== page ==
ACA Blog

Jaime Castillo
Jan 24, 2011

Learning Group Psychotherapy for Adults with Mental Retardation

In a previous entry “Indiana Jones and the Kingdom of the Crystal Client,” I discussed methods of providing individual psychotherapy with adults diagnosed with mental retardation. It’s not a surprise that we must also modify our traditional therapeutic techniques with this population when facilitating groups. Each week I run a group comprised of adults with mental retardation and co-morbid psychiatric diagnosis, and have been trained in the “Integrative-Behavioral Model” for group psychotherapy, as developed by Dr. Dan Tomasulo. Working with this population can be difficult. Not only are we faced with the MR and co-morbid psychiatric disorders, but also we are challenged by the numerous cognitive and social skill deficits these clients face.

Some of the most challenging barriers are the clients’ difficulty in forming social relationships, initiating conversations among each other, and listening. More often these individuals seek out staff from their group homes to talk to when facing issues, and ignore their peers. When their peers talk, they don’t listen or acknowledge their presence, which can make groups difficult. The purpose of our groups when working with this population is to facilitate peer-to-peer interactions.

Example of a group outside of this population:
Counselor: Would somebody like to share to the group an experience they had this week?
Dave: Sure. On Thursday evening my sister asked me to turn off the football game because I’d been hogging the TV all night. Instead of getting mad and screaming back at her, I asked for 5 more minutes to finish, then I’d turn it off.
Counselor: Sounds like you and your sister made a compromise.
Dave: Yea.
Counselor: What was it like for you reach that decision?
Dave: At first I wanted to get mad, but then thought it wasn’t worth it. She was right too, I’d been hogging the TV.
Counselor: Good job Dave, you showed patience. Who else would like to share?
In the above discussion, although there may be 5 others in this group, probably for anger management, the conversation is only happening between the counselor and the individual. When working with individuals with MR, we must facilitate interactions between the group members. This is done by the Counselor encouraging the individuals to look at each other, request for statements to be repeated, and talk to each other rather than to the Counselor.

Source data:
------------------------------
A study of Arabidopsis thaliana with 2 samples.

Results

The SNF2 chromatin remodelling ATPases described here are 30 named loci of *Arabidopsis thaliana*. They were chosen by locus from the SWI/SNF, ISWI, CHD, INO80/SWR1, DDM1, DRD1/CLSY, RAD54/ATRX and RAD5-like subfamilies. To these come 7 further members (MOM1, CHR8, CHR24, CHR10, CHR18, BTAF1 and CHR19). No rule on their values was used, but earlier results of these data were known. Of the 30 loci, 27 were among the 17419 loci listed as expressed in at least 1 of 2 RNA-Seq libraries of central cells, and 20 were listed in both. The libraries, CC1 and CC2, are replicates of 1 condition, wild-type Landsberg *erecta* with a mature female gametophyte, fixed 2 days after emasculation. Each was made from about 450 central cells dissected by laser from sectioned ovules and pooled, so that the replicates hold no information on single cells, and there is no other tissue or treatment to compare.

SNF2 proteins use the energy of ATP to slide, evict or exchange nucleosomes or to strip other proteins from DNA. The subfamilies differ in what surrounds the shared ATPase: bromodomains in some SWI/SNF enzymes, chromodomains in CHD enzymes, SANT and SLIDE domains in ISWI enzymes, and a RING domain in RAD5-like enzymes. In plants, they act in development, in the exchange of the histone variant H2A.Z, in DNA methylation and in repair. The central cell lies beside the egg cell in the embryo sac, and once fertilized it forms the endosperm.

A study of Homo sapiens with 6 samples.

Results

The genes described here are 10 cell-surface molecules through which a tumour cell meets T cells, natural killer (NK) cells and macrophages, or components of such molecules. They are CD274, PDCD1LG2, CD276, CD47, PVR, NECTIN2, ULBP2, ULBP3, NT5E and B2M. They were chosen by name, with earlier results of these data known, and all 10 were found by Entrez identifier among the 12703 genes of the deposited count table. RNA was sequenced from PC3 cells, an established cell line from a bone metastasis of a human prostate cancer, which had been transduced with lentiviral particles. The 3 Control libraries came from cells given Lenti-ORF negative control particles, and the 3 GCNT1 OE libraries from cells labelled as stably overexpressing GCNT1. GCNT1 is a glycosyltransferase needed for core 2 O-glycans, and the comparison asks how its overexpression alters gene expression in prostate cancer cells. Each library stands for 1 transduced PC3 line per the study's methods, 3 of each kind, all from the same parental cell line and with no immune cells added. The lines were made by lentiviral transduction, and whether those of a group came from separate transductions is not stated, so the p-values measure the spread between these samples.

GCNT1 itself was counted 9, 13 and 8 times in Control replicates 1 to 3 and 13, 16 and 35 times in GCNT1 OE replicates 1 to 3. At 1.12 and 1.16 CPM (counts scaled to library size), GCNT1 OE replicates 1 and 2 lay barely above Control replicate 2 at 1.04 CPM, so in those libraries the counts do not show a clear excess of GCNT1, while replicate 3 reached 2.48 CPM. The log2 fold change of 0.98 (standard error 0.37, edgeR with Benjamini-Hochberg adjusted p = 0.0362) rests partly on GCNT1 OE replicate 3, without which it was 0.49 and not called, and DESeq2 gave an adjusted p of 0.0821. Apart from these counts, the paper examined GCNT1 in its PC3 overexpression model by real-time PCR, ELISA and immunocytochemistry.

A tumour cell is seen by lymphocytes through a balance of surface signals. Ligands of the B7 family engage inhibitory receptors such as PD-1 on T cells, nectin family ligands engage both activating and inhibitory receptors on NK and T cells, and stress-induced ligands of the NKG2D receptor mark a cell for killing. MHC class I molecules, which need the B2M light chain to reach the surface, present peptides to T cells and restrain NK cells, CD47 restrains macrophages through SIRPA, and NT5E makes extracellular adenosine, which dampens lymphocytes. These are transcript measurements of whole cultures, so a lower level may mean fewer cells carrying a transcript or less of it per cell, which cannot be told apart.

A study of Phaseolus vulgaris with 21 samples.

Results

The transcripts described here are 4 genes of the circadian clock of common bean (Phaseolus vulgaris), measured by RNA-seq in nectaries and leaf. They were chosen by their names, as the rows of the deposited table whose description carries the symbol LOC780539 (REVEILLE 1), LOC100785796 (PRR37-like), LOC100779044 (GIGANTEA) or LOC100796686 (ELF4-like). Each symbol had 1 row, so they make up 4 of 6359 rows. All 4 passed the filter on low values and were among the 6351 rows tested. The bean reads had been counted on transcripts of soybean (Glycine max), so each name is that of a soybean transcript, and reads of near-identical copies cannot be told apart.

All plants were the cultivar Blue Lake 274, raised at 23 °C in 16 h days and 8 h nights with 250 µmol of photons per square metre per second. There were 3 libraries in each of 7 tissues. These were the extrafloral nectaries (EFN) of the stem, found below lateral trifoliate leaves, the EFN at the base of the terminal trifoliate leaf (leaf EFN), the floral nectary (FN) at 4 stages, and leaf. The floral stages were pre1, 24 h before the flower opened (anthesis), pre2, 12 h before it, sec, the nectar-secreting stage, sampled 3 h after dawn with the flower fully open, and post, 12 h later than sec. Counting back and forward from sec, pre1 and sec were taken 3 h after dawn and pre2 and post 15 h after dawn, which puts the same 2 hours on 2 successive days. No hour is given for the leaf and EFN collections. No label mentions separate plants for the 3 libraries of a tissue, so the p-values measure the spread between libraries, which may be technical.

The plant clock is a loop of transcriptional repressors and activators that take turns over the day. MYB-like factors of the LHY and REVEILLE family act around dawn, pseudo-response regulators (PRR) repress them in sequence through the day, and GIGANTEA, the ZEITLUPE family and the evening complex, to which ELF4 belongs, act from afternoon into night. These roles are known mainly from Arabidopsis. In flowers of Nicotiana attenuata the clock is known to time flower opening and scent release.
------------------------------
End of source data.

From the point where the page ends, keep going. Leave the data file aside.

Example of group specified population:
Counselor: Would somebody like to share to the group an experience they had this week?
Dave: Sure. On Thursday evening my sister asked me to turn off the football game because I’d been hogging the TV all night. Instead of getting mad and screaming back at her, I asked for 5 more minutes to finish, then I’d turn it off.
Counselor: Did anybody hear what David just shared? Karen…would you share with us what David said?
Karen: He said his sister…..
Counselor: Karen can you look at David as you share?
(Karen looks at David)
Karen: You said your sister wanted you to turn off the game.
David: Yea.
Counselor: Is that all he shared?
Karen: Um….I don’t remember.
Counselor: Karen maybe you can ask David to repeat what he shared.
Karen: (now looking at David) David can you repeat what you said?
David: Sure, I said because I’d been hogging the TV all night. Instead of getting mad and screaming back at her, I asked for 5 more minutes to finish, then I’d turn it off.
Karen: He said he’d been hogging the TV and didn’t get mad and said 5 more minutes.
Counselor: Is that right David?
David: Yes.
Counselor: David, can you say that to Karen?
(David looking at Karen)
David: Yes, that’s right.
Counselor: Great job guys. David would you like to pick someone who hasn’t shared yet?

As you read both can you feel the difference? If you have the opportunity to work with this population in a group setting, remember that it’s important to facilitate peer-to-peer interactions. Unlike traditional groups its important here to continuously encourage each member to be interacting through listening and repeating. Encourage the individuals to look at each other when speaking, and not to you. You want the individuals to learn to connect with each other. The content of the group is not as important as the interactions made.
This is only the tip of the iceberg when discussing the The Integrative –Behavioral Model for Group Psychotherapy, and by no means are you now an expert. If you’re interested in learning more, you can get started by reading the article in the link below.

http://web.mac.com/tomasulo1/The_Healing_Crowd/Welcome_files/group%20psychotherapy%20for%20ID.pdf



Jaime Castillo is a counselor who works for a non-profit agency in New York City.